Vehlmann and Jason’s Isle of 100,000 Graves
Fantagraphic Books, May 2011
Really, how could I have walked on by a graphic novel on the new shelf with a pirate ship and the mention of 100,000 graves and not pick it up. And so I found myself in the midst of another hectic weekend of thesis work picking and reading through this particular graphic novel.
For those not familiar with the work of Jason (the illustrator/artist) and Fabien Vehlmann (writer) they do come with some renown back Europe way. Jason is well known for his previous graphic novel I Killed Adolf Hitler and his album series which includes Green Manor and Seuls. Jason, born John Arne Sæterøy in Norway, is known for his drawings of dogs, cats, birds, and other animals and making they do rather extraordinary things.
And in this the case the rather extraordinary things revolve around a Tarantino-esque tour with a lost father, a pirate ship, and an island full of torturers. The story holds that the main character known simply as ugly little girl finds a map in bottle and tries to follow in hope of finding her lost father. And it is that voyage that lands ugly little girl on an island such of torturers with a ship full of pirates. Now, it would go against the purpose of telling you about this graphic novel by telling you any more about the plot. It is rather dark and wee-bit on the violent side and because of that we’re looking at young adult and up. And there is a funny take on college-life in that belongs rather uniquely to this world. It is solid enough in its general oddness to be worth recommending for the general read.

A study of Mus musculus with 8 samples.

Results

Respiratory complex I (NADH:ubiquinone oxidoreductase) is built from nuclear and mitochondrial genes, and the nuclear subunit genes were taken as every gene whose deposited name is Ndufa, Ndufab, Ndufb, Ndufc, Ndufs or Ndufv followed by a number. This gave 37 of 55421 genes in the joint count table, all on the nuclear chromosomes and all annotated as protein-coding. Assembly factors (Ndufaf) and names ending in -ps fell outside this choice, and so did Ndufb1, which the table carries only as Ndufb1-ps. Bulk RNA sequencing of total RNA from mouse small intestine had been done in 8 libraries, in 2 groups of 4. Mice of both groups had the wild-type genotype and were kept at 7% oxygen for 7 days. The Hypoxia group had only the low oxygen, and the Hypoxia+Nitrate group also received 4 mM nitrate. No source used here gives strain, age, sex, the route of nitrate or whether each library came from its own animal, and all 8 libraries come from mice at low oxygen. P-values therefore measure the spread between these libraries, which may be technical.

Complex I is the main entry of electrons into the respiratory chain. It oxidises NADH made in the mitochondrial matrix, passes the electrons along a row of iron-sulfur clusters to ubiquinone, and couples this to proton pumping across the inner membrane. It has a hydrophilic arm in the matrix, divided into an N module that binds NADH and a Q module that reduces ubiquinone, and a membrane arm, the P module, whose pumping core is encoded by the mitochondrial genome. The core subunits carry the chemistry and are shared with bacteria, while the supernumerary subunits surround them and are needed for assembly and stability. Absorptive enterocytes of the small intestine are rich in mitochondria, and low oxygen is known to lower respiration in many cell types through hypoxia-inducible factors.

But it’s the art that seems to work here best. It’s understated, in a relatively mild palette that does much to accentuate the general gloominess of the piece. The conversations between characters are rather restricted and tend to work well with the totality of the artwork here. Most engaging is the idea that in keeping the illustrations simple (that is lack of most every traditionally strong details such as pupils in the eyeballs, fingernails, etc.) is a connection to a more classic rendition of a tale. And classic in that violence can be implied but is so rarely illustrated in frame. Sure, this adds to the general “classy” (as opposed to “pulpy”) aspect of story but it helps to place the story itself more in line with traditional theatre of Shakespearean/Elizabethean notions of theatre. A tradition that is well embraced still today by a good many Western theatre-goers.
And on the whole, this newest graphic novel by Jason would seem to a nice addition to his already strong catalog of work and good quick read for anyone feeling the gloom or angst that many more contemporary takes on pirates or torture schools have given us.